Marie Claire / Nicolas Moore

Until Every Man Is Fighting For Our Rights, We Should Consider Stopping Having SexJanelle Monáe

In an latest issue of Marie Claire, singer and Moonlight actress discussed sex strikes, empowerment,  gender norms and why people should “start respecting the vagina.”

From Marie Claire:

I love men. But evil men? I will not tolerate that. You don’t deserve to be in my presence. If you’re going to own this world and this is how you’re going to rule this world, I am not going to contribute anymore until you change it. We have to realize our power and our magic. Because I am all about black-girl magic, even though I’m standing with all women. But this year? This year, I am so carefree black girl.

Nicolas Moore for Marie Claire

On respecting women: “People have to start respecting the vagina. Until every man is fighting for our rights, we should consider stopping having sex. I love men. But evil men? I will not tolerate that. You don’t deserve to be in my presence. If you’re going to own this world and this is how you’re going to rule this world, I am not going to contribute anymore until you change it. We have to realize our power and our magic. Because I am all about black-girl magic, even though I’m standing with all women. But this year? This year, I am so carefree black girl.”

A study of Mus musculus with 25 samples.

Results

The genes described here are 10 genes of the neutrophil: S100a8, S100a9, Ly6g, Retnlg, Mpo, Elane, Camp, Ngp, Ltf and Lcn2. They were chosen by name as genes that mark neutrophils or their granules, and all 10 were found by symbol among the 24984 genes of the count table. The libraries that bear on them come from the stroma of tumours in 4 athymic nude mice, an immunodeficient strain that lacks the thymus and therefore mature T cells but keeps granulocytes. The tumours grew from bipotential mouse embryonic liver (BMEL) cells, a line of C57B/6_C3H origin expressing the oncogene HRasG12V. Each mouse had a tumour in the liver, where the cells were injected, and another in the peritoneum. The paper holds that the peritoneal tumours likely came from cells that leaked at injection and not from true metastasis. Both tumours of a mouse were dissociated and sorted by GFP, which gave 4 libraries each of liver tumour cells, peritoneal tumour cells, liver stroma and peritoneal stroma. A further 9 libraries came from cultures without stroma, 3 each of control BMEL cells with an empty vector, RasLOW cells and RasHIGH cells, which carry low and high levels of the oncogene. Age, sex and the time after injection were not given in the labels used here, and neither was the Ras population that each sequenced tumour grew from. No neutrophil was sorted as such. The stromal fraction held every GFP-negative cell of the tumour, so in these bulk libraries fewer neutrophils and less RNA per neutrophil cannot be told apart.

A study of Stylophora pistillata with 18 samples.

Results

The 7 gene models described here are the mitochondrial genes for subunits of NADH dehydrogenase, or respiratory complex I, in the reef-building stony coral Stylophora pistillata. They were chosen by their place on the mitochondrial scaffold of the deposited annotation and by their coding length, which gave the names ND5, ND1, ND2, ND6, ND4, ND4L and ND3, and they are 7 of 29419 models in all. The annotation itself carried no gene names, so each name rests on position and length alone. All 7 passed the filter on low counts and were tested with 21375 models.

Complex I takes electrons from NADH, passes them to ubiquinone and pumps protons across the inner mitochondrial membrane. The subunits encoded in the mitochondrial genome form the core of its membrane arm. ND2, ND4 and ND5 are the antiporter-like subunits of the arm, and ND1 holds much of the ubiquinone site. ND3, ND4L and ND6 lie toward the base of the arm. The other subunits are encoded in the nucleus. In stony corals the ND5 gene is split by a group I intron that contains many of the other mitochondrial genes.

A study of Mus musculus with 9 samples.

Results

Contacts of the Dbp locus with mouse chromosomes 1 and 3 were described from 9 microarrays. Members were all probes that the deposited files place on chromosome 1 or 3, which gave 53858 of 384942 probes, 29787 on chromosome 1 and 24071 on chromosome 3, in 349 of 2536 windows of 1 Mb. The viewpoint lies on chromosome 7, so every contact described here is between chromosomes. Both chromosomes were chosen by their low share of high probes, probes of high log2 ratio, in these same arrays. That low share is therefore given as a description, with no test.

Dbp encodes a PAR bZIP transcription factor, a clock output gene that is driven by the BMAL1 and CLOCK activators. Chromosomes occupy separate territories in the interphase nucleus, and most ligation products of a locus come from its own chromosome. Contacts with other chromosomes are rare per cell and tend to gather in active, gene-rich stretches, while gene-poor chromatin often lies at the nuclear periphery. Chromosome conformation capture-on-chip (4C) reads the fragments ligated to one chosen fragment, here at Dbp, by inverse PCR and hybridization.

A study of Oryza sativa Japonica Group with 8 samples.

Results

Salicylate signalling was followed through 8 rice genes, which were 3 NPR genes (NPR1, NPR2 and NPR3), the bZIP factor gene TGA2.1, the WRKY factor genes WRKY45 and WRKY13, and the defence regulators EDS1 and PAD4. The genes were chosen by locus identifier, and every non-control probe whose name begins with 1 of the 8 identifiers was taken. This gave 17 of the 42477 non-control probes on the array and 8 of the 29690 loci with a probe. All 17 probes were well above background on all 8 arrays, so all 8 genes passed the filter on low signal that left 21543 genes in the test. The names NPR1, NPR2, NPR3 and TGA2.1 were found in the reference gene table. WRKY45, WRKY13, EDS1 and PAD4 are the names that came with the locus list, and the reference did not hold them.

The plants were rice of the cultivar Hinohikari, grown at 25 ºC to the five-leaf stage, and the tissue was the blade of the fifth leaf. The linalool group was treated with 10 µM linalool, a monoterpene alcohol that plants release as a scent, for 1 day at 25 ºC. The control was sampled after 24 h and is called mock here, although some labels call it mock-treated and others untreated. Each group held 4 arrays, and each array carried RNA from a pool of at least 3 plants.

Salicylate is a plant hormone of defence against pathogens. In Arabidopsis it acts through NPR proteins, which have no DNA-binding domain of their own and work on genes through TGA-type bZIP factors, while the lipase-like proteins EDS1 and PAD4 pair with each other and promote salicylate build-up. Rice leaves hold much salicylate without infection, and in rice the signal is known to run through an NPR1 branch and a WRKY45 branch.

On being strong and in control as a woman: “It is important to redefine what sexy is. To redefine style… It is important for women to be [in control], especially when gender norms and conformity are pushed upon us. Women automatically are told that this is how you should look. This is how you should get a man. This is how you should get a woman. You need to fit into all these boxes to be accepted. I don’t subscribe to that way of thinking. I don’t think we all have to take the same coordinates to reach the same destination. I believe in embracing what makes you unique even if it makes others uncomfortable. I have learned there is power in saying no. I have agency. I get to decide.”

On the origin of her singular sense of style: “Being poor helped me be more creative. It was my superpower. I had to get comfortable in my own skin—you know when somebody walks in a room and they have such a confidence that they dare you to say something about them.”